It’s the very end of the school year, summer is fast approaching. What does that mean for pediatric headache providers? Hopefully there will be fewer distress calls. It also means numerous camp medication forms and 504 support letters for the fall. Importantly, there are less hectic days with more time to reflect on the general running of the clinic, innovations and research ideas.
For patients with headache, summer also means special attention to the effect of heat and humidity, and environmental instability (thunderstorms). It means less stress for families around school. It means less structure which for some patients is important in keeping up their headache-healthy habits. I often switch my messaging during the summer to focus on maintaining good habits, despite less structure.
Hydration is definitely one thing that can fall off, if they are not mindful about it. During school it is easier to stay on course; you drink before school, carry a water bottle and drink it empty before the end of the day, refill when you get home. That is generally a recipe for success around baseline hydration. During the summer, trying to maintain that routine is harder, but really even more important. Heat and humidity are often triggers for migraineurs, and dehydration can trigger any kind of headache. Staying really hydrated can help. I usually suggest that they include electrolyte-rich fluids daily during the summer, at least when they are going to be out and active, and to add an extra 20oz to their baseline requirement. Good sources of electrolyte-rich fluids are drinks like Gatorade, but also add-ins can be even more convenient, like electrolyte powders and my favorite, Drip drop (contains sodium and potassium, magnesium and zinc). They can carry these in their backpack or mom’s purse and just add to water whenever needed. There are some fun ways to rehydrate in summer, like popsicles (and who doesn’t like popsicles?) I recommend baseline hydration is their weight in kg in ounces (50kg=50oz/day) or ½ their weight in lbs.
Speaking of heat, many kids with headaches are very sensitive to environmental heat and humidity. Going to camp can be a challenge if there are no ‘cooling stations’ available (something to be checked out before sending them off to sleep away camp for 6 weeks). Being proactive, paying attention to the weather can help avoid the migraine that happens during hot times. Going to the beach or the park, it would be helpful to have some ice packs in the cooler to use on hot foreheads and necks; better yet are damp, frozen hand towels that they can wrap around their heads (wet and then freeze, can stay cold for a while). It is way for parents to be prepared for the almost inevitable hot weather migraine.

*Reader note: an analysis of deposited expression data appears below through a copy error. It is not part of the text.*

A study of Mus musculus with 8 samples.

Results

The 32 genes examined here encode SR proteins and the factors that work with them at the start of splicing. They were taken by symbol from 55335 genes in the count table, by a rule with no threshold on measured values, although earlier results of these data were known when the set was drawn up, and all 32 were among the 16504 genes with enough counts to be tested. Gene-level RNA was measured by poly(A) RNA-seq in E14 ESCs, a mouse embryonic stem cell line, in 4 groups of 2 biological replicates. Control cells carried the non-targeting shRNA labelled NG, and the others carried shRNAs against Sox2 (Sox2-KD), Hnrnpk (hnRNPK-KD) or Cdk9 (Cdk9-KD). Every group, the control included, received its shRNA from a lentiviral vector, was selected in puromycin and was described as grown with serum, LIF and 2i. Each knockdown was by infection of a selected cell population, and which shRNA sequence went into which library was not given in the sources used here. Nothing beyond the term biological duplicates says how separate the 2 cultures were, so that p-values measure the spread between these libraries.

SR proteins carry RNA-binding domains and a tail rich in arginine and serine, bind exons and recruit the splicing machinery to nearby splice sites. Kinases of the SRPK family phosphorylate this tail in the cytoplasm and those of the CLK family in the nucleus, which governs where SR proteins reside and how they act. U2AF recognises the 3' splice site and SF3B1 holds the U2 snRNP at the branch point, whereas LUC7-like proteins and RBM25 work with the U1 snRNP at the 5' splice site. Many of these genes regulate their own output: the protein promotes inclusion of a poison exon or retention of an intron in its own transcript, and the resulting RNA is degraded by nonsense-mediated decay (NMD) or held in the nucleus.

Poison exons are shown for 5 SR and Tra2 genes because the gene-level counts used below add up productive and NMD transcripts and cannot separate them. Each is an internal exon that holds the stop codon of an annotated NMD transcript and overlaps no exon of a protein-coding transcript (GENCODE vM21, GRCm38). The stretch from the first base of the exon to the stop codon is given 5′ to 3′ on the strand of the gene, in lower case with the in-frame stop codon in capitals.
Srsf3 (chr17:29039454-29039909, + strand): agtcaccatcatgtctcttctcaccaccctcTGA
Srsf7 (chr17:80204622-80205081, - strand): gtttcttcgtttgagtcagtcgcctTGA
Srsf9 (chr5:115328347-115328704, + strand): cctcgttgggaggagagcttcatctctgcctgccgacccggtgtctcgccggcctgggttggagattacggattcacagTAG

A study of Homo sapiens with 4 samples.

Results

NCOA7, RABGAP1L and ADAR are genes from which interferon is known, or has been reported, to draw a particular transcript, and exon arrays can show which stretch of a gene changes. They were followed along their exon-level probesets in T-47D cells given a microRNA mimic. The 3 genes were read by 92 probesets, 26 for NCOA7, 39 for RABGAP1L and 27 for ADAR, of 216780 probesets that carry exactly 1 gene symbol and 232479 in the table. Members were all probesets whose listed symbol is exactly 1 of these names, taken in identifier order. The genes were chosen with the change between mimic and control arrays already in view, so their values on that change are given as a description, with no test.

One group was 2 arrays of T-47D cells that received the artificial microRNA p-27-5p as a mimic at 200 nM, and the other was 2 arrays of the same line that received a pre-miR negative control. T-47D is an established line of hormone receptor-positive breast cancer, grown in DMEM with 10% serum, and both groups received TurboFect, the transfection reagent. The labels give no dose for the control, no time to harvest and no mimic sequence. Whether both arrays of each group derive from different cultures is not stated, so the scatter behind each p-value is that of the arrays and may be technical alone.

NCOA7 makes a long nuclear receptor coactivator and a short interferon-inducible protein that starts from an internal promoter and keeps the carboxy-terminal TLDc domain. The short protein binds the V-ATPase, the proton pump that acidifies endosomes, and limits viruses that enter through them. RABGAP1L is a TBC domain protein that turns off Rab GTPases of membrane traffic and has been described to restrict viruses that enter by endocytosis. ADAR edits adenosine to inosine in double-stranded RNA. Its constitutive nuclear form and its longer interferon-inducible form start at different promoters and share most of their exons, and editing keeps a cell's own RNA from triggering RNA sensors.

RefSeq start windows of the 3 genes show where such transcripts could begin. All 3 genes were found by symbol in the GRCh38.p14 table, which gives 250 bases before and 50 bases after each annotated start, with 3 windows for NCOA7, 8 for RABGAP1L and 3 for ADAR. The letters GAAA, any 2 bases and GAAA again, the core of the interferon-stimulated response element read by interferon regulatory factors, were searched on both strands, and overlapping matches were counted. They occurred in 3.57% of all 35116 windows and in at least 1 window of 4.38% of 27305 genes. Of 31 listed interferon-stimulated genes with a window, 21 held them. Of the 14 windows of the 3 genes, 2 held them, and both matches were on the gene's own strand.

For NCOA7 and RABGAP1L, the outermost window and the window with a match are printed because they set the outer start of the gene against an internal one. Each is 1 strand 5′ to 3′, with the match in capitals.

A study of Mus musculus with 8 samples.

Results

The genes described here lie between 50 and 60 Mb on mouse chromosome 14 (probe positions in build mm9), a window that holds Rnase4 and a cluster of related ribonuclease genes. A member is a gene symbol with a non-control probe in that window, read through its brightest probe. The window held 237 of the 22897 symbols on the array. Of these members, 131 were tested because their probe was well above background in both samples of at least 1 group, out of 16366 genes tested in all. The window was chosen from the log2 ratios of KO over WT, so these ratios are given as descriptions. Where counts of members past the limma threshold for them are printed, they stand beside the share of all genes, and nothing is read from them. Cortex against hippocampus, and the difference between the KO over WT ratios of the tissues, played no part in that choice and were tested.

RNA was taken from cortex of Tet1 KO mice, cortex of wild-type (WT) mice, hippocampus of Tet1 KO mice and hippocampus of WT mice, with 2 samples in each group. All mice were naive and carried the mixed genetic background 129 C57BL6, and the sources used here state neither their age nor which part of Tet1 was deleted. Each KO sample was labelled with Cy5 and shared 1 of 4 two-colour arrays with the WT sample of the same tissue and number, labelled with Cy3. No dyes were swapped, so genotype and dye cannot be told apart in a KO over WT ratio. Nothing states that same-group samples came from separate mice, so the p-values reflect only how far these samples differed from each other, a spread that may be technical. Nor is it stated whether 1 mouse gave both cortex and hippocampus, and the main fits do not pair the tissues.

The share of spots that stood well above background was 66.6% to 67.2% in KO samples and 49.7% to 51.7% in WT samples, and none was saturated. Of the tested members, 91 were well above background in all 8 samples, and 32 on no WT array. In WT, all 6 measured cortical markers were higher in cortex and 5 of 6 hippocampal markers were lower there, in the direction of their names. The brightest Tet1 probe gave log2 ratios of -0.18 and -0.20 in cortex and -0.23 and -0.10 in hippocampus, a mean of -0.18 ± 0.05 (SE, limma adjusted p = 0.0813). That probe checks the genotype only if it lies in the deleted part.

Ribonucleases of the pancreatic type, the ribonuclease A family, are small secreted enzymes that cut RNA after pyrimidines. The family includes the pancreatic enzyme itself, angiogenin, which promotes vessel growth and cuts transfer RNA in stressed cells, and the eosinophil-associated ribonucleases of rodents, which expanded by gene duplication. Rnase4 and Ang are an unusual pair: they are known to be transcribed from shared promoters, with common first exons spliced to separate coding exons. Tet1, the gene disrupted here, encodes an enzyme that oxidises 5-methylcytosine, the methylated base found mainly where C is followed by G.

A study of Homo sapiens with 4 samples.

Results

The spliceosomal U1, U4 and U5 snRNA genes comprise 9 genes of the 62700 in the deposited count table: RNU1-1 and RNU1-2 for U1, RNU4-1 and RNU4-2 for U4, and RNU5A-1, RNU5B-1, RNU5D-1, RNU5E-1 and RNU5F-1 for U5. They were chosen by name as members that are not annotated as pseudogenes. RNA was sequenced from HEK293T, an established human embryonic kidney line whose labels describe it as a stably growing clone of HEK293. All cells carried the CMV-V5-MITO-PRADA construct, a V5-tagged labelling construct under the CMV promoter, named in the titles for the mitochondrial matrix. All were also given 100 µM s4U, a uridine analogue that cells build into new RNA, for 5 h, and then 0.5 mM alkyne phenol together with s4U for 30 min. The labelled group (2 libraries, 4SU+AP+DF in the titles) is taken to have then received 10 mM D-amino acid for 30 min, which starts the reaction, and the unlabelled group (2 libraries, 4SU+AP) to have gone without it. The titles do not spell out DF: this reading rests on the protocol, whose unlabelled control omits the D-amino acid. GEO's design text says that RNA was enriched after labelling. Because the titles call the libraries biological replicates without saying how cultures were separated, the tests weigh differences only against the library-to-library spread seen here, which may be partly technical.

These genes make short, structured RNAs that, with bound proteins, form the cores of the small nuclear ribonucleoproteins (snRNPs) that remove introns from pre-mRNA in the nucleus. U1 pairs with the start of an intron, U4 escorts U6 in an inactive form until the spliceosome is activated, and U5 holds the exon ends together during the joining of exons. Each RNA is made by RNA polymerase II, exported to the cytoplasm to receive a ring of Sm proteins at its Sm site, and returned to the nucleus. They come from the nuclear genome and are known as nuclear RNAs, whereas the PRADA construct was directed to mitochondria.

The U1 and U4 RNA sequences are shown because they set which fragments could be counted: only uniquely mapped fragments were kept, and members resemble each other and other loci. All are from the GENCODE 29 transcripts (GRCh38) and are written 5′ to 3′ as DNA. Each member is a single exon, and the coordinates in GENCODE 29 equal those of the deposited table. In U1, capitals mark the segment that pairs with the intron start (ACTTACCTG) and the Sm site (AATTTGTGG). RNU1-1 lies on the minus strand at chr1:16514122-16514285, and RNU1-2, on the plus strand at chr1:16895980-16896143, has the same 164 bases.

Of course, too much sun exposure causing sunburn or sun poisoning is a concern, but so it the challenge of bright sunlight (think of the blinding sun at the beach reflecting off the sand). So the usual sunglasses might not be enough to prevent a migraine. The kids might need extra dark sunglasses, polarized lenses, and to wear a wide-brimmed hat to avoid overexposure to bright sun. I usually recommend sun darkening lenses for their regular glasses, which are helpful all year round, transitioning from inside to outside.
Another concern for the summer: amusement parks. So much fun! So many rides! So much spinning! So much noise! So much migraine & headache-inducing stimuli! Families do need to consider the risk/benefit ratio of the annual trip to 6 Flags (hours of fun vs. hours of headache). Being prepared is key- so many kids with headache are very prone to motion sickness. Premedication can be a lifesaver and there are many options. The stand-by antihistamines (dramamine, meclizine) work well but often leave kids drowsy. Using other types of methods, like Seaband wrist bands, ginger chews or gingerale/beer, and the homeopathic Hyland’s motion sickness remedy are useful and don’t decrease alertness. Strategic rest breaks in the shade, lots of hydration, and cooling off in the pool are just a few ways to keep the fun times going.
So enough about the summer hazards! It is also a great time of the year for enjoyment. Summer means more sleep, less stress, and the opportunity to be outside in nature. In general, kids love to be outside, doing so many fun activities, like bike-riding, swimming, kayaking, rock climbing, and so on. It is so good for their headache-health and general health. It’s also good for their provider’s health and outlook.
It also means I get to see my college students- yeah! I love when they come in and tell me how well they did, not so much academically, but socially and with their self-care. Most of them I have known and coached through their high school years, and it is great to see them putting advise into action. Some do struggle but with guidance, most will do well. Watching teens move into adulthood is gratifying.
So that’s it, wishing you all an enjoyable less stressful summer. Here in the Northeast, summer is so short, we grab that time with enthusiasm and joy.